In her own life, Penn, 36, is desperate for nothing more than a little peace and quiet. Since the arrival of Dylan, 11, and Hopper, 9, she's throttled back on her film career—which zoomed from zero to 60 with The Princess Bride and State of Grace (where she met her husband, Sean Penn) but now chugs along at a steady clip of one or two pictures a year.
"My kids are my priority—they just are," she says. "It's like, 'Can you go to Morocco for four months in the middle of the school year?' No. You just can't." She's kept one foot in Hollywood's swinging door with short stints, like White Oleander. "And the fact is, I need to do it," she says. "I start getting cabin fever if I don't work for six or eight months."
But with the kids getting older, Penn seems ready to get back behind the wheel. In the spring she flies to Africa for a three-week shoot, meaning she'll have to hand Sean the keys to the minivan. Given his reputation as a paparazzi-clobbering maverick, it's hard to picture him heading up the local soccer carpool, much less holding a marriage together. To the surprise of many, though, the Wright-Penn union has been going strong since 1996—an eternity in Green-Barrymore years. Their secret, to hear her tell it, is like something out of Zen and the Art of Motorcycle Maintenance: part assembly line, part mystical joint venture. "It's like you're in a factory and you do a quality-control check," she explains. "But when you've been together as long as Sean and I have, there has to be that forethought regarding kids, priorities, morals, and values."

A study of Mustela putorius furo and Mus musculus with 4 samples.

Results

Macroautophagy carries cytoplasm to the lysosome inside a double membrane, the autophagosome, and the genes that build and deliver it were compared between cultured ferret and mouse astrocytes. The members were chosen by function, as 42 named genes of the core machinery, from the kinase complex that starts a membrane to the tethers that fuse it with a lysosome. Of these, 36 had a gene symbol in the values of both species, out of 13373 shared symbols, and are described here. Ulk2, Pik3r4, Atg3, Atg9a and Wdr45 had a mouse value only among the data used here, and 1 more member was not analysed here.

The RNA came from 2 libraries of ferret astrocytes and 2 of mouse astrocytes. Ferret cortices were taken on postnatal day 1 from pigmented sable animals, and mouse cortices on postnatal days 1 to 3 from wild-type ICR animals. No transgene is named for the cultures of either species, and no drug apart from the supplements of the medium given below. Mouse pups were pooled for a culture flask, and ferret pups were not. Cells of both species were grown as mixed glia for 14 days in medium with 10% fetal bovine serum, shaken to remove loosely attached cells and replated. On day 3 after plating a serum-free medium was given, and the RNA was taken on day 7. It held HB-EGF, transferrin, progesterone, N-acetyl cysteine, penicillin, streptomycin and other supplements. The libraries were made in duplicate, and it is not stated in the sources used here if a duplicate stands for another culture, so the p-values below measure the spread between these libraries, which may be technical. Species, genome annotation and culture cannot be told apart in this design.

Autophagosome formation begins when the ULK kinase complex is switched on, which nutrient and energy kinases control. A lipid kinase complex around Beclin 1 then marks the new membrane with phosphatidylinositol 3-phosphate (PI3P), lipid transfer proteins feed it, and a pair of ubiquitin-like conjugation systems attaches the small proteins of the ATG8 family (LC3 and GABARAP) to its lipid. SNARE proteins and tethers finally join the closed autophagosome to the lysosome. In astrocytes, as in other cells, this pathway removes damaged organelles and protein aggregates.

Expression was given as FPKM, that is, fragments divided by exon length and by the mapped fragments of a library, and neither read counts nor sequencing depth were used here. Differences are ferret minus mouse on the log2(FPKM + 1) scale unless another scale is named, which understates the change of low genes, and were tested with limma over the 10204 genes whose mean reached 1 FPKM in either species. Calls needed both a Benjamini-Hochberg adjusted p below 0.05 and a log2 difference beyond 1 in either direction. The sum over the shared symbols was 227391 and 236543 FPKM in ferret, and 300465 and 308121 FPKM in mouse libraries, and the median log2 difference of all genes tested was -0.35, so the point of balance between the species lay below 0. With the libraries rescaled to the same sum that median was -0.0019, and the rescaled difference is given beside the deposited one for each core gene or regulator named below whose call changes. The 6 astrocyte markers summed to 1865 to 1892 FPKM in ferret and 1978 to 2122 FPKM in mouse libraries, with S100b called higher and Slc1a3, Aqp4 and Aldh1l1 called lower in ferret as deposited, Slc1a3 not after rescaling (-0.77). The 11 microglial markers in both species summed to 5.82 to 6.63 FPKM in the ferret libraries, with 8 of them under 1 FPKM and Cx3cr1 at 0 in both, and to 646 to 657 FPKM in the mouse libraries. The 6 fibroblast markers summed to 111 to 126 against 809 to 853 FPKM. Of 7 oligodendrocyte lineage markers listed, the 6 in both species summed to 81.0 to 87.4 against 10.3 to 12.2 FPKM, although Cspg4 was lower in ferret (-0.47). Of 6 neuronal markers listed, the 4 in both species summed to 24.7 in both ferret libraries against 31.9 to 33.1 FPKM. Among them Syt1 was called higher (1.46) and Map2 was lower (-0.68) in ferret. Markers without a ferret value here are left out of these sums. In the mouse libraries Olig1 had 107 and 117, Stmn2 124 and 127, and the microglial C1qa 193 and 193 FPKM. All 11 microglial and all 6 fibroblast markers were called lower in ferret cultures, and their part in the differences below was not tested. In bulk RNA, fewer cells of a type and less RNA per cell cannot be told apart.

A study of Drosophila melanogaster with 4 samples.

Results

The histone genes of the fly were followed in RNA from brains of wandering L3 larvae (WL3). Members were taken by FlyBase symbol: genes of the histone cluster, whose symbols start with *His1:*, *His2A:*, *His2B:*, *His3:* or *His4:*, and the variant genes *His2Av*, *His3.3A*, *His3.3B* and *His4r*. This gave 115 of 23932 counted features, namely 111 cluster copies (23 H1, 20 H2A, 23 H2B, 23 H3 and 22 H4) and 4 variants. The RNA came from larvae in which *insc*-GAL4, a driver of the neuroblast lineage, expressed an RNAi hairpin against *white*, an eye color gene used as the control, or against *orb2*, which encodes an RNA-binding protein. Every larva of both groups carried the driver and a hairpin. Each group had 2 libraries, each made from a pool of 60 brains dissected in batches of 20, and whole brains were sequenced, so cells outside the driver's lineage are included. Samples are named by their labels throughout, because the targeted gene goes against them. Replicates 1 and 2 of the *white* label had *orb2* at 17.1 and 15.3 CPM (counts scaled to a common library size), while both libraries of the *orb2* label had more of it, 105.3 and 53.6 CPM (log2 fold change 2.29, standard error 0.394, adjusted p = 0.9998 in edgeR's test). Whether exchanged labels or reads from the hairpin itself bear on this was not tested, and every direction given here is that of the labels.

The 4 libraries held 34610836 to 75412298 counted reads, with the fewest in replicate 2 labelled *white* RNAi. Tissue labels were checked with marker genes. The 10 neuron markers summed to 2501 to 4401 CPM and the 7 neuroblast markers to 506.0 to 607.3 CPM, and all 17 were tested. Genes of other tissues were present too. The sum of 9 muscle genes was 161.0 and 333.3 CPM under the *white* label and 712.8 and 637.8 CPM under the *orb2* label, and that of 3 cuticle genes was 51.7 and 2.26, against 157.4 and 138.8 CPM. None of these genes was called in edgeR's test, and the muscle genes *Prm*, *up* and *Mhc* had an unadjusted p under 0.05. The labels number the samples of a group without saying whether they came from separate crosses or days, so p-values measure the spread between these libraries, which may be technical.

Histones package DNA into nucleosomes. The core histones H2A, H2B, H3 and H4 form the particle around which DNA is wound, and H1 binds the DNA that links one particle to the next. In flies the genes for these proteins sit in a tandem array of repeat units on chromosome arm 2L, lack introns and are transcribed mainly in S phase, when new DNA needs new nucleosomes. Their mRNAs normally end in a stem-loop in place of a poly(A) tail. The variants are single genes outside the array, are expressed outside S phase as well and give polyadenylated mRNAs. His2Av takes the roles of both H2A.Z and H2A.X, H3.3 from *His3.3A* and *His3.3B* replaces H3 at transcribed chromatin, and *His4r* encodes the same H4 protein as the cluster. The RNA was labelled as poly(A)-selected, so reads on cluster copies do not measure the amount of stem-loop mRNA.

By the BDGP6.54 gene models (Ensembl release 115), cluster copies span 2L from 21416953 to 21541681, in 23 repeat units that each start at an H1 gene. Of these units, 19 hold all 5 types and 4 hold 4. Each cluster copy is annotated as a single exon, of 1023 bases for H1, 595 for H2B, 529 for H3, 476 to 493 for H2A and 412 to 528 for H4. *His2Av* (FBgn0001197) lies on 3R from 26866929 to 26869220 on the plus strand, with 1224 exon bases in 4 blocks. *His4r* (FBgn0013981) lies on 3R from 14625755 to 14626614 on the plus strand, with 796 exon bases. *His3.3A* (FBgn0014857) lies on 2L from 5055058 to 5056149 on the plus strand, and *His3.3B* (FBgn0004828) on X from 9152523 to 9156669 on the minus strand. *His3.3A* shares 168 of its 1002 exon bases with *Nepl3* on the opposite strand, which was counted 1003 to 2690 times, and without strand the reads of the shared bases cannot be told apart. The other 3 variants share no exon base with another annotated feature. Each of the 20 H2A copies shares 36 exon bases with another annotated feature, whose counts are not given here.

Suddenly, Penn fires off a thundering sneeze—damn cat dander. Sensing what she's unleashed, she says, "The kids'll be waking up any time—sorry. I've gotta go." On cue, there's the sound of feet shuffling on a wooden floor, and another quiet morning gives way to the demands of motherhood: Somebody needs cereal—stat.